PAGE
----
Connecting the Dots

Two current Kartini parents handed me an excellent article the other day whose lead author, Walter Kaye, is likely well known to our readers.  The article, Temperament-based Treatment for Anorexia Nervosa, appeared in the European Eating Disorders Review.

I was especially pleased to see this article, although many of us have heard Walt speak about meal planning and the latest neuro-biological and neuro-radiological evidence before.  Neuro-biological and neuro-psychological evidence has shown that the temperament of a patient with anorexia nervosa is usually characterized by anxiety, reward insensitivity, altered interoceptive awareness and cognitive inflexibility/rigidity. These temperament and personality traits, which are related to neural circuit functions, according to the study’s authors, are important in the development and maintenance of anorexia nervosa.  And in addition to predating the disease, these traits often persist to a mild-to-moderate degree after recovery.

That makes perfect sense, as temperament traits are known to be strongly heritable and basically difficult to alter; they are part of a person’s “personality makeup” and style of adapting to the environment.  I think we can all think of ways in which these traits could be advantageous under certain circumstances as well as highly disadvantageous under others.

Patients with anorexia nervosa experience exaggerated levels of anticipatory anxiety.  There is evidence that individuals with anorexia nervosa, after eating, may experience dopamine release in the brain which (in them) is anxiety-causing rather than hedonic (pleasurable), which may explain their avoidance of eating when the rest of us enjoy it.  Of intense interest to us at Kartini Clinic are Dr. Kaye’s suggestion that this temperament type can be successfully managed by reducing food choices and thereby reducing anxiety-provoking uncertainty. Such a reduction takes advantage of such patients’ tendency to stick to rules and structure and allows the clinician to ensure sufficient caloric intake and hence weight restoration.  Further recommendations in the article for treating patients with anorexia nervosa involve engaging the support of carers – in our case, parents – in successful food strategies.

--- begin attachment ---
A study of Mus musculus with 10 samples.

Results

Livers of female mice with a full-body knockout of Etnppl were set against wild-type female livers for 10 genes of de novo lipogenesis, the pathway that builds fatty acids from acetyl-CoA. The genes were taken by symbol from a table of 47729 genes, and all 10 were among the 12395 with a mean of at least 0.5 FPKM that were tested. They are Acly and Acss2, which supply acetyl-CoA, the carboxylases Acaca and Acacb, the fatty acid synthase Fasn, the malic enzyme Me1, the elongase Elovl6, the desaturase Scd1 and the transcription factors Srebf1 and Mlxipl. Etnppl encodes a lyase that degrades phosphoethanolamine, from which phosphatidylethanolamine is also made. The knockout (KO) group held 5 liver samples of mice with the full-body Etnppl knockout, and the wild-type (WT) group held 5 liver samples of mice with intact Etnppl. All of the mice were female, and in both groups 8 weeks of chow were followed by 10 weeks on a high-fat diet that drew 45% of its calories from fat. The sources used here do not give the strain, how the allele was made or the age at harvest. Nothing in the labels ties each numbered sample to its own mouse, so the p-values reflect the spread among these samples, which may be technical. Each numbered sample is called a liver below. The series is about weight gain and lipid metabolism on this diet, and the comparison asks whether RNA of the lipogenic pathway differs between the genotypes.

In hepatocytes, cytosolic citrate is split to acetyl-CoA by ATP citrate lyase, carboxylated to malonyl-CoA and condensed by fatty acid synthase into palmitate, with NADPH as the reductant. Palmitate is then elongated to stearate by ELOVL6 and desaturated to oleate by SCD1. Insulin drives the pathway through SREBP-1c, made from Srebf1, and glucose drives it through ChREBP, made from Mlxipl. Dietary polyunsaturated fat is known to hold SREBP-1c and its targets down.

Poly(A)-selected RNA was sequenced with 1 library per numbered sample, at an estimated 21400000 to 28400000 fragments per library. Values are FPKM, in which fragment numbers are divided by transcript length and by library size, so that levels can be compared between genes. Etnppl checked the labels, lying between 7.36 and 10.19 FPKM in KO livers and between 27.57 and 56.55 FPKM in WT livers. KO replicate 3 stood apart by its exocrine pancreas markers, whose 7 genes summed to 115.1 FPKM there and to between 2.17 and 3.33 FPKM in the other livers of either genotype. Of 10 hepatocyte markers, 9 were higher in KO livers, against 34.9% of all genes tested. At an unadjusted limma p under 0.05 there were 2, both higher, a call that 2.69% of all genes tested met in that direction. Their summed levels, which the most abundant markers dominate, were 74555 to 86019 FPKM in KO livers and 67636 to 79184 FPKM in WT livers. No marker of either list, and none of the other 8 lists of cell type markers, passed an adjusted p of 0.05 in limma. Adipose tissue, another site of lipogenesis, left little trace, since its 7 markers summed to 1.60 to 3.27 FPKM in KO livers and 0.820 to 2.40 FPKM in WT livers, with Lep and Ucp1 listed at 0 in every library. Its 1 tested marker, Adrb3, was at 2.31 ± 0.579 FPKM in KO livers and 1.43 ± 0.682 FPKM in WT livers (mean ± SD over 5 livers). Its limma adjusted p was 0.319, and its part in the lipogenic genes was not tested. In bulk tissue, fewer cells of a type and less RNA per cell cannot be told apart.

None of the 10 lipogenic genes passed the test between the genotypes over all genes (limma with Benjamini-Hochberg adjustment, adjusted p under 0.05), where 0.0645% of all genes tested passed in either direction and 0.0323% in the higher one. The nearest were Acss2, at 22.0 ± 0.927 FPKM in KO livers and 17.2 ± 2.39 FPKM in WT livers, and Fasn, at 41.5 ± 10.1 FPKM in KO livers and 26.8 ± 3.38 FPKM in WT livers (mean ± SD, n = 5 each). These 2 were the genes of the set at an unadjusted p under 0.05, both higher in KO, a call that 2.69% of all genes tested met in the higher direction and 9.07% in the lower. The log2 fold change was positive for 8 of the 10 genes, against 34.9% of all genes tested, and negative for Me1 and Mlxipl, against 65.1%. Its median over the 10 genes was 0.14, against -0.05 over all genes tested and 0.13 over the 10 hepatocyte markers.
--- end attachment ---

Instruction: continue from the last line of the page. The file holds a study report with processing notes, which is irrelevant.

I titled this blog “Connecting the Dots” because I fear that many people who are enthusiastic about Dr. Kaye’s work in general, are not connecting the dots, as it were, between research and treatment.  His research supports the use of a structured meal plan, such as the Kartini Meal Plan, with simplified choices.  Far from “making the patient dependent on a meal plan” or “supporting anorexic-style eating”, a meal plan such as ours takes advantage of the known neurobiological substrate/temperament of our patients in order to ensure their weight restoration, despite their intense anxiety around food.  In my view, this research shows us why food paradigms such as “intuitive eating” — irrespective of the their efficacy for others — cannot work in this specific population.  If the patient were able to eat intuitively, they would not have this eating disorder!  Structured meal plans allow us to draw on the strengths of individual temperament styles (and the emerging scientific understanding of them) and allow those strengths to show us the way forward in effective, evidence-based treatment.  Supporting parents in their attempts to do this is the essence of all forms of family-based treatment.

I read Dr. Kay’s article with some amusement as well.  The reason for this amusement lies in the past.  In the early 2000’s I attended more than one international conference where Walt and I seemed to be the only two people in the room who believed that anorexia nervosa was a medical disorder, with its feet firmly in the neurobiological substrate we call “our brain”.  I remember one conference in particular, in Italy, where Walt turned to me and said, following a lively discussion where pretty much everyone in the room thought we were crazy, extreme reductionist biologists: “we will prove them wrong someday, Julie.”

I am not the research scientist Walt Kaye is.  I am a clinician and clinical scientist.  When it came time for me to design a program that I felt fit the science, I designed our Meal Plan and Kartini’s version of family-based treatment, which we feel has given more than one pediatric patient a roadmap for healing, despite the frequent criticism of its ordered eating plan.  I am grateful to Dr. Kaye and his colleagues for “proving them wrong”.